Even if everyone’s getting more into healthy living, eating organic and exercising frequently, it doesn’t hurt to have contingencies in case of medical emergencies. When it comes to choosing the best place to live, one of the biggest factors to consider is the healthcare that the country offers. If a country is able to offer a mix of excellent public and private medical services and benefits, then it’s worth considering living there.
This list is measured by life expectancy and healthcare cost, totaling an overall efficiency score. Most of these countries are predictably, first world nations, but there are a few surprises on the list.
10. Sweden (62.6 efficiency score)
Aside from the clean, fresh air, Sweden is also one of the countries that offers great healthcare to their people. The system is government-funded, funding 97% of medical costs, while the individual takes care of the remaining 3%. Though dental care isn’t funded by the state health care system, it’s at least partially subsidized, but absolutely free for children aged 0 to 19!
9. Switzerland (63.1 efficiency score)
Apart from being one of the most beautiful countries in the world, Switzerland also has the highest life expectancy rate, as of 2012: 80.5 years for men and 85 years for women. This is undoubtedly due in part to the country’s healthcare system. It’s covered for the most part by the government, but also partially by its citizens through personal health insurance, which all residents and citizens are required to get.
8. South Korea (65.1 efficiency score)
One of the main health concerns that the South Korean government has to tackle is environmental pollution, which leads to an increase in illnesses of the locals. To address this, a universal health care system was established and it provides equal and fair medical benefits to nearly 100% of South Korean citizens.
7. Australia (66 efficiency score)
The wonderful weather and laid back lifestyle make Australia a great place to live, but one of the other reasons many people from developing countries are seeing Australia as the land of milk and honey is because of its very efficient healthcare system. With a universal healthcare system, the federal government foots around 75% of the citizens’ medical bills, while the 25% is funded by private health insurance. While dentistry, optometry, and ambulance fees aren’t covered by the government, financially struggling citizens who carry a Low Income Earner card are subsidized generously.
6. Italy (66.1 efficiency score)
Beating Australia by just .1 point is Italy, which has a mixed public-private healthcare system. With a life expectancy of 82 years old, hospitalization and surgeries are free by both public and conventional private hospitals. And the best part about the system is emergency medical care is completely free for all residents, both legal and undocumented, making Italy a very humane country in terms of its people’s well-being.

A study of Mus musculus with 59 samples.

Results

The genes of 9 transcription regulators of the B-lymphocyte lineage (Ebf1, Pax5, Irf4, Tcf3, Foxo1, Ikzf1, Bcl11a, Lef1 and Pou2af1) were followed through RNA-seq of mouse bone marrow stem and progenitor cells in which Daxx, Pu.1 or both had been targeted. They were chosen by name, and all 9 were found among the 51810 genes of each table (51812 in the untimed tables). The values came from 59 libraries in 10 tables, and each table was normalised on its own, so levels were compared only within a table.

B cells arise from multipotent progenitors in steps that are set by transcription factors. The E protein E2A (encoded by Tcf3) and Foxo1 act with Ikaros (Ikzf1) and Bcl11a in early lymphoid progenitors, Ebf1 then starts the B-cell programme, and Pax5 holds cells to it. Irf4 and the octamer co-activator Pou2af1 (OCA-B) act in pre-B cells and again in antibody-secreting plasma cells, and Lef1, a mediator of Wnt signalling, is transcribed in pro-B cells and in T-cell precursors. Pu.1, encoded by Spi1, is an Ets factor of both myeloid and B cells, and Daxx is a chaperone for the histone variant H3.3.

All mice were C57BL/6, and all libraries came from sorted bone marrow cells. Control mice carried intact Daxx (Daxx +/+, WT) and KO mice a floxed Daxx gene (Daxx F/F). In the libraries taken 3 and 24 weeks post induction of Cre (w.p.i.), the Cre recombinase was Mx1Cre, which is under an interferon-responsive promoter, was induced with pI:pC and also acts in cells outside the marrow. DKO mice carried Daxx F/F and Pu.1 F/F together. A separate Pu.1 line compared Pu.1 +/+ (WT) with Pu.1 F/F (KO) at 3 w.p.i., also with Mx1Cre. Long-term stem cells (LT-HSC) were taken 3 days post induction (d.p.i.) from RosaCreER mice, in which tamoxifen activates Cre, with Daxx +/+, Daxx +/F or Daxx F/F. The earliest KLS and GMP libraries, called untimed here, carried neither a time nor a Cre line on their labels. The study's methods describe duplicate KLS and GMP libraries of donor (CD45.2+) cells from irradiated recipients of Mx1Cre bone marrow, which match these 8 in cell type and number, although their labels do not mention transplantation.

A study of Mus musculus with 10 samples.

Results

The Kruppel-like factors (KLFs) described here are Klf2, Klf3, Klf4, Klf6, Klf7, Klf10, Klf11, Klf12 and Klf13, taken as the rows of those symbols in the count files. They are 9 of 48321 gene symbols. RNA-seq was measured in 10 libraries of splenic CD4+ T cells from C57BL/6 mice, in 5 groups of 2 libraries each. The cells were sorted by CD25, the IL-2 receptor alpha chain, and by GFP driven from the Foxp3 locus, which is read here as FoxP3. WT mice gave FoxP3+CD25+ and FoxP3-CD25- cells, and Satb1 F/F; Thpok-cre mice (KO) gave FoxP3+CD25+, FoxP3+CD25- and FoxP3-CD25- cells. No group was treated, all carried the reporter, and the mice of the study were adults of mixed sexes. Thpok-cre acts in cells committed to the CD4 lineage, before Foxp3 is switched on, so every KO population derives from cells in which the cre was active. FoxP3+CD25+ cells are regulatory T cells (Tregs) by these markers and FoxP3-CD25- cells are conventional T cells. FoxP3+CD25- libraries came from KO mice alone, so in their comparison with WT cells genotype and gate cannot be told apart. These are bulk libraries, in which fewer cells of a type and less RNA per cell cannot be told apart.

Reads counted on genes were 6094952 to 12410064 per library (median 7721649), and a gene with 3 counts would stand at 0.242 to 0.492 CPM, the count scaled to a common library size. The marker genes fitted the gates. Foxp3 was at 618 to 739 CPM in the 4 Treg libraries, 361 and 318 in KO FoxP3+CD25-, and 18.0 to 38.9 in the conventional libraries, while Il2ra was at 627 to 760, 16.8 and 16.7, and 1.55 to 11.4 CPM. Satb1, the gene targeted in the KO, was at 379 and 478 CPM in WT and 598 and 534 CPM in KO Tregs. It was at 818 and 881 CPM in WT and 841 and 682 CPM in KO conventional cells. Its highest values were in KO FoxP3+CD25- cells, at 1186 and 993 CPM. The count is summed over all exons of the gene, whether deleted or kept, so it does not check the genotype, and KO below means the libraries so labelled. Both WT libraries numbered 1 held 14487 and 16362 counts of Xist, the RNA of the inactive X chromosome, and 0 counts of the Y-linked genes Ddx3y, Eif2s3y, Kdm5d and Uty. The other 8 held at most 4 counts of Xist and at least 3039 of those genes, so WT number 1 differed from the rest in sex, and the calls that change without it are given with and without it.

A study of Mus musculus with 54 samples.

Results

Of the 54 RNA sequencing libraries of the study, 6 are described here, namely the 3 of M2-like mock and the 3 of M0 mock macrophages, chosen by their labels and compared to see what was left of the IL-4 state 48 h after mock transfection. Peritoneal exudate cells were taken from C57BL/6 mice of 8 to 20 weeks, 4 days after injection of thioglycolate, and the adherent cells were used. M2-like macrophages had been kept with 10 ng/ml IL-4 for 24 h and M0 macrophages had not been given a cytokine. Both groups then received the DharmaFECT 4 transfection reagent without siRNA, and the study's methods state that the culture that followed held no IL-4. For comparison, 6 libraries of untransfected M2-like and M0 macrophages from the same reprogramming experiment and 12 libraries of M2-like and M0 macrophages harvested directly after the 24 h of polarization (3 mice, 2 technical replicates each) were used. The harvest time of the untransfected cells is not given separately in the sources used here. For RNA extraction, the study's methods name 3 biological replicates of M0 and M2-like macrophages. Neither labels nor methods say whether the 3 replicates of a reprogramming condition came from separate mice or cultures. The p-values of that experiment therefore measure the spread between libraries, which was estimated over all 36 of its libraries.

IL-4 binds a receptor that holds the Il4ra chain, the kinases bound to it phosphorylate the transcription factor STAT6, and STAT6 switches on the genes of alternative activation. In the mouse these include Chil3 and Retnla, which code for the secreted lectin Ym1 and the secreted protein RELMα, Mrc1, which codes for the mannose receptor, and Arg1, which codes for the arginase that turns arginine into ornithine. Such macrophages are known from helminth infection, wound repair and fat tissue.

5. Spain (68.3 efficiency score)
Aside from an excellent state-run healthcare system, Spain is also known to have very competent doctors, well-trained nurses, and top-of-the line hospital facilities. Prescription medicines are paid for via the co-payment system, in which the residents are required to pay for a small portion of their medicines, while the bulk is covered by the state.
4. Israel (68.7 efficiency score)
Ranked fourth in the world in terms of efficiency, Israel’s healthcare is deemed a fundamental right for its people. It’s universal and requires all Israelis to participate in medical insurance with the option for the individual to purchase their own respective healthcare policies to increase whatever coverage they already have. The government-run system is one of the most technologically advanced in the world with state-of-the-art facilities and well-trained doctors and nurses. And the icing on the cake? It’s fast becoming a popular destination for medical tourists!
3. Japan (74.1 efficiency score)
Like almost all efficient health-care systems, Japan provides universal healthcare coverage, which subsidizes a large portion of the medical expenses of the individual. An employed citizen usually gets additional private coverage from his employer, but Japan is greatly considerate of its citizens who are struggling with wages and unemployment. Medical fees are waived for the homeless and low-income households who are receiving government subsidy.
2. Singapore (81.9 efficiency score)
Singapore’s healthcare system is apparently very difficult to replicate. It’s efficient in terms of both financing and benefits, a rare combination that renders the system excellent. Aside from the government’s system, the private healthcare in Singapore is equally efficient, so its citizens get more than adequate care, whether it’s from the public or private sector.
1. Hong Kong (92.6 efficiency score)
By and large, Hong Kong is considered to have the best healthcare in the world, due in part to its well-developed medical system. Its life expectancy rate is one of the highest and infant mortality rate one of the lowest in the world and this is largely due to the government’s advocacy on good healthcare. The system is dual-track, meaning medical services are offered by both the government and private sector.